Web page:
I encountered a situation yesterday that was a first in my ten years as a hospice volunteer. A couple of days ago the Volunteer Coordinator sent out an email asking for a volunteer. She gave a summary of the case including the town, first name of the patient and a description of the requested visit. The patient was in my town so I responded immediately that I would like to help this family. The next day a secure email was sent to me with the patient name, address and contact information.
Last night I called the patient’s wife to schedule the visit. A woman answered the phone and I asked if it was Helen, my contact. “No”, the shaky voice replied. I explained the reason for my call and a slight sense of dread was building. “No need to visit, he died about an hour ago. He’s still on the floor waiting for the funeral director to get him.” I could hear the tears in the voice on the other end of the phone and then it clicked, I know this person.
“Jan, is that you?” I asked, sure that I knew the person on the other end of the line. “Yes” she replied. I gave my full name, said how sorry I was and asked if there was anything I could do in that moment. There wasn’t anything to do, except to express my deepest condolences which is what I did. She thanked me for the call and we said good-bye.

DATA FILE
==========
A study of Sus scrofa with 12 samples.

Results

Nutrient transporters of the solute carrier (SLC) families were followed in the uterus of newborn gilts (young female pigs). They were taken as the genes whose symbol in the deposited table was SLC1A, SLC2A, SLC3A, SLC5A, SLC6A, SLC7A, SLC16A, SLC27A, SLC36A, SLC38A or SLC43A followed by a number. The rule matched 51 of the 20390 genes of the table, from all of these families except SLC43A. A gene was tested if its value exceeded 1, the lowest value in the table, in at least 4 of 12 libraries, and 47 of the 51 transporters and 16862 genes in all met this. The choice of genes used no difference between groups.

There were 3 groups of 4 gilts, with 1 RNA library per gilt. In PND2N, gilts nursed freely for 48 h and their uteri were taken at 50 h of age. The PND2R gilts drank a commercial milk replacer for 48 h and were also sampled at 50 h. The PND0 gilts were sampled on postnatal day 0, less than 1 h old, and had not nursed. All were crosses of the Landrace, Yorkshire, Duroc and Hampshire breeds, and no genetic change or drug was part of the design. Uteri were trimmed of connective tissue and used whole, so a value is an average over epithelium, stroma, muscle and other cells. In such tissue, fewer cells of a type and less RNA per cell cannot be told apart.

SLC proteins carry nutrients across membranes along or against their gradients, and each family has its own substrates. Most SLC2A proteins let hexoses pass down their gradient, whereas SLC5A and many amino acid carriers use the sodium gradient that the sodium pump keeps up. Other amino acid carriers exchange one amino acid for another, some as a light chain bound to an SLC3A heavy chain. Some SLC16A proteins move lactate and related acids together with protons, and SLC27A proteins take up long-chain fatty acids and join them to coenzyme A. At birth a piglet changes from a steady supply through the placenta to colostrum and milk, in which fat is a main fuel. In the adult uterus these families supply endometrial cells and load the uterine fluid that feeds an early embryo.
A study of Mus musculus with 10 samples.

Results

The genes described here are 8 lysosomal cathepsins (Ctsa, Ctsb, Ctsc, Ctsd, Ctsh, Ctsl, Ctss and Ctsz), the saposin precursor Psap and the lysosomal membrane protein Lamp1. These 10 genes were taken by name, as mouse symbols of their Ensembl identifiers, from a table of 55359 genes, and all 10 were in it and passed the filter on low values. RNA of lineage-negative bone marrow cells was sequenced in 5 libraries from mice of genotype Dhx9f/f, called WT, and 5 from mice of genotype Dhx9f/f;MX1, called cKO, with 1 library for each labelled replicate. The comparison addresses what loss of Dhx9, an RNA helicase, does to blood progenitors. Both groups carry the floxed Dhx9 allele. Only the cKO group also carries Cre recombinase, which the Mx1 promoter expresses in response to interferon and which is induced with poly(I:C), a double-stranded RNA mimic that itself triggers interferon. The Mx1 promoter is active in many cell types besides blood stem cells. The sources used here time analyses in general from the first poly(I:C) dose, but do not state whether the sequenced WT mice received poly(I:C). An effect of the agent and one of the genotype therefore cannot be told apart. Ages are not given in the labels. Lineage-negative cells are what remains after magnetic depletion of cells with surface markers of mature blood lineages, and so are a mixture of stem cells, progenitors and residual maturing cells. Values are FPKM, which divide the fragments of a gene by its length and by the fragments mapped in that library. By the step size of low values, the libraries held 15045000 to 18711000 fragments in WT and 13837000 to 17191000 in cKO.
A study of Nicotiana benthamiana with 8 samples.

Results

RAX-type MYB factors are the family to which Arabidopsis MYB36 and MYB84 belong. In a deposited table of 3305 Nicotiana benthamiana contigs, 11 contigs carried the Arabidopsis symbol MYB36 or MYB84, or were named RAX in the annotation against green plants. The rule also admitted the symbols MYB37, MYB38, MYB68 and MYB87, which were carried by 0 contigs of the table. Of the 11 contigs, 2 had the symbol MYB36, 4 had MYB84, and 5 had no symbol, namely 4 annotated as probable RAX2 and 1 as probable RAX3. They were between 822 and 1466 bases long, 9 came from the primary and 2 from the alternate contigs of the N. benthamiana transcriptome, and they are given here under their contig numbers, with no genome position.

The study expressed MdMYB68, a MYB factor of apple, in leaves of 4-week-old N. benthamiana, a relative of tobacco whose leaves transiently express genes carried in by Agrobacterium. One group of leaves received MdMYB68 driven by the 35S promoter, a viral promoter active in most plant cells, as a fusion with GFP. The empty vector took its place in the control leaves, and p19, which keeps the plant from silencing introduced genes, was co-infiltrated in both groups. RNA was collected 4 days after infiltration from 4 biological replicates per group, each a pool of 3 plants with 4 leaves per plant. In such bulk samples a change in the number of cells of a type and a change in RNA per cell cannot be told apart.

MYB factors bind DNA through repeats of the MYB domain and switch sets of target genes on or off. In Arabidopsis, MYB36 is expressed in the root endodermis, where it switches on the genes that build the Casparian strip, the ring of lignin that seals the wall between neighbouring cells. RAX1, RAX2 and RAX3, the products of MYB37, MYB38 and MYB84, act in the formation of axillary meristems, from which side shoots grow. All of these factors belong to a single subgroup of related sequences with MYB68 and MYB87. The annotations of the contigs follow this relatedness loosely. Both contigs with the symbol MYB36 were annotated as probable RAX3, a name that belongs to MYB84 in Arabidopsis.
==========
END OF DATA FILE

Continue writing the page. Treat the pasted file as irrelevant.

I could picture my acquaintance on the phone. Tears, that keep coming when you think you’re all cried out. I could feel her concern for her newly widowed mother. I wondered if she ate dinner or if she would sleep over her parents home to ease the adjustment of that awful first night. I imagined a fitful night with not much sleep, except for an hour or so when the emotional exhaustion just overwhelms your body and forces you to rest despite your mind’s best efforts to keep you up. I could sense the headache, the nasal congestion and the scratchy throat, remnants of many tears shed. I felt her grief and I took a little piece with me. I still have it.